Mark "Hammer" Hammett has unfinished business in Wellington; the All Blacks website reports:
What a difference a year makes.Twelve months ago the Hurricanes were battling to recruit players. Now the revitalised franchise already has 19 players signed up for the 2013 Investec Super Rugby campaign with more expected to join them in the coming weeks.
The re-signing of coach Mark Hammett and his assistant Alama Ieremia should also be a mere formality given the huge improvements that have been made on and off field this year."I'm currently negotiating a contract. I want to be here," said Hammett. "I feel like we've got something started and I want to make sure that we finish it out and continue to move forward."
That feeling is shared by Hurricanes chief executive James Te Puni, who backed Hammett and Ieremia to turn things around following the 2011 debacle.
"I'm really happy with the way the coaches have gone, both Mark and Alama and the rest of the support crew," said Te Puni.
"The step they have taken this year has been satisfying for them, the players and the fans.
"But we're already thinking about next year and frankly we are going to work even harder than we have this year."
That last statement is music to our ears. Success does not happen by accident; it's the product of hard work. We remember the story about South African golfer Gary Player, who after a round many years ago had a fan say to him "You were really lucky out there today Mr Player.". Player replied "Thank you. And do you know what; the harder I practice, the luckier I get.".
The Hurricanes have worked harder this year than probably in any of the preceding years of Super Rugby. And working hard together, and as a team has paid off; read on:
The dramatic change in culture, the entertaining brand of rugby and the improved results on the pitch have all made the Hurricanes a far more enticing prospect for potential players.
"I've got no doubt about that," said Hammett. "I know we've got several young players, and older players for that matter, who are saying 'hey it's hard work but it's fun at the same time because everyone is committed and everyone is equal.'
"That's created a good environment. A good culture isn't an easy one but it has a great mixture between fun and hard work."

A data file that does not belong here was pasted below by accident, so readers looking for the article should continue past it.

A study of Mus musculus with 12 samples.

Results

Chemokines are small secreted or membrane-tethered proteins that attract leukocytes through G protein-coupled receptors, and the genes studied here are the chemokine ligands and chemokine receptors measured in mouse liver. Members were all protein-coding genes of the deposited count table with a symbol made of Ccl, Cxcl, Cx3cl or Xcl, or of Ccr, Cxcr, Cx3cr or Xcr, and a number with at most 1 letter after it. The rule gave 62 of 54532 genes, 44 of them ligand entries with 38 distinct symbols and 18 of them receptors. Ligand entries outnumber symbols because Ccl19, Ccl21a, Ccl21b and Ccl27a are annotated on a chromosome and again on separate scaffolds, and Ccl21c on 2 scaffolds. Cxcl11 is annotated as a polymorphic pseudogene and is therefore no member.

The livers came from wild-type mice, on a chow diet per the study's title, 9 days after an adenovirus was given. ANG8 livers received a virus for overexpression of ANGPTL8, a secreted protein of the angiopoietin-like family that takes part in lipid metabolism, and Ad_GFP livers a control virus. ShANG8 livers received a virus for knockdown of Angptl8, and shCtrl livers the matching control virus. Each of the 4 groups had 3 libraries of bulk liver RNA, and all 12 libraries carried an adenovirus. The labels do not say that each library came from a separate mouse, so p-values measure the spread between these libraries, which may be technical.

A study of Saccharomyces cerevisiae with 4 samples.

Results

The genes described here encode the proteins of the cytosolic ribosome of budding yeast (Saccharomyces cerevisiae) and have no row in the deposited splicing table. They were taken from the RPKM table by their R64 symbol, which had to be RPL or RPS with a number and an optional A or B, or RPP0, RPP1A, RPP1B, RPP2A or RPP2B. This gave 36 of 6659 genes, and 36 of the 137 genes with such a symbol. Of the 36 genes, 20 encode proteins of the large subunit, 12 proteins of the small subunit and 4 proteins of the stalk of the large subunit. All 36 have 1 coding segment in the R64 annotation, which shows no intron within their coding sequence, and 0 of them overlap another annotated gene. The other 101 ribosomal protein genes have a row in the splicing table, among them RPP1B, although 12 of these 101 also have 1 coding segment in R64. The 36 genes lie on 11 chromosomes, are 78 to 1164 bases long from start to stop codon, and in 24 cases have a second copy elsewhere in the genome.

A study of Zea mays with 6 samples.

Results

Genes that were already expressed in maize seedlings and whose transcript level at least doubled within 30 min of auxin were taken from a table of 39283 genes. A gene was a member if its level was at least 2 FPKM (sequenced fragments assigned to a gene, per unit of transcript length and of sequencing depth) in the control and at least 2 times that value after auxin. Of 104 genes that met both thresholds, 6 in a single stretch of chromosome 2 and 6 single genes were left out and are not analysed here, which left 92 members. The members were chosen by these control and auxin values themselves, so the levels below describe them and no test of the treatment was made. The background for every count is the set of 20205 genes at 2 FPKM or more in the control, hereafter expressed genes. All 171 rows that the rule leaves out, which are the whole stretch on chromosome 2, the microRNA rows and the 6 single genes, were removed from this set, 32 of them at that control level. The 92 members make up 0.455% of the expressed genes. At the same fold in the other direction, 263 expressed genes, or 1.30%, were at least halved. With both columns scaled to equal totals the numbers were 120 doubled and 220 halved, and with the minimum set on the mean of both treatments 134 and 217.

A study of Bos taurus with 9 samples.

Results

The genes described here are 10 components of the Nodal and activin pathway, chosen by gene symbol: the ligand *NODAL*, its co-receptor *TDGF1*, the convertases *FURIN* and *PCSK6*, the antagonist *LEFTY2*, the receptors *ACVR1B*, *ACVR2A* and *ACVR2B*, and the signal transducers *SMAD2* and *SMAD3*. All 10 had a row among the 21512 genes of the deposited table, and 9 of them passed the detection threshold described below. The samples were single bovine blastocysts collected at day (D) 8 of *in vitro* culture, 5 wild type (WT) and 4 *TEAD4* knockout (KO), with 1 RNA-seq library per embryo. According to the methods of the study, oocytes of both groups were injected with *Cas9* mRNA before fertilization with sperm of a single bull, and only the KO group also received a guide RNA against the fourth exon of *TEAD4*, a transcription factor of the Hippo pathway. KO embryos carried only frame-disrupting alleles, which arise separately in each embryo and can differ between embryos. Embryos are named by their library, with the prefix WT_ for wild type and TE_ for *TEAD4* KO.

This was a rebuilding year for the Hurricanes after the trauma of 2011. To finish eighth was on one hand disappointing, but on the other hand exciting. Hammett and his assistant coach Alama Ieremia have unearthed an abundance of young talent, which bodes well for 2013 and beyond as the website story confirms:
The 19 players already on board for next year include All Blacks Cory Jane, Conrad Smith, Beauden Barrett and Julian Savea, plus veterans Tim Bateman and Ben May and rising stars Andre Taylor, Reggie Goodes, Jeff Toomaga-Allen and Brad Shields.
"That's a real positive sign of what's happened this year and there's an environment that people want to be involved in," added Hammett. "We're down the road quite a bit with several other players too."
They include TJ Perenara and Faifili Levave, while All Black loose forward Victor Vito is believed to be in negotiations with the New Zealand Rugby Union so won't begin his talks until that contract has been finalised.
Since that story was published on Thursday, both Levave and Vito have resigned with the Hurricanes, so the nucleus of the 2012 side will return in 2013. That is testament to the culture that Hammett, team captain Conrad Smith and the support staff have created, and that the players have embraced. To see the joy on the players' faces when the winning try against the Chiefs was awarded last Friday night gave a clue to how tight this team has become.
With the season over and the playoffs missed by a solitary bonus point, the Hurricanes will doubtless rue missed opportunities at home against the Cheetahs and the Brumbies. However their finish to the season with wins over the top two New Zealand teams in the standings gave a glimpse as to what the Hurricanes might be capable of next year and beyond.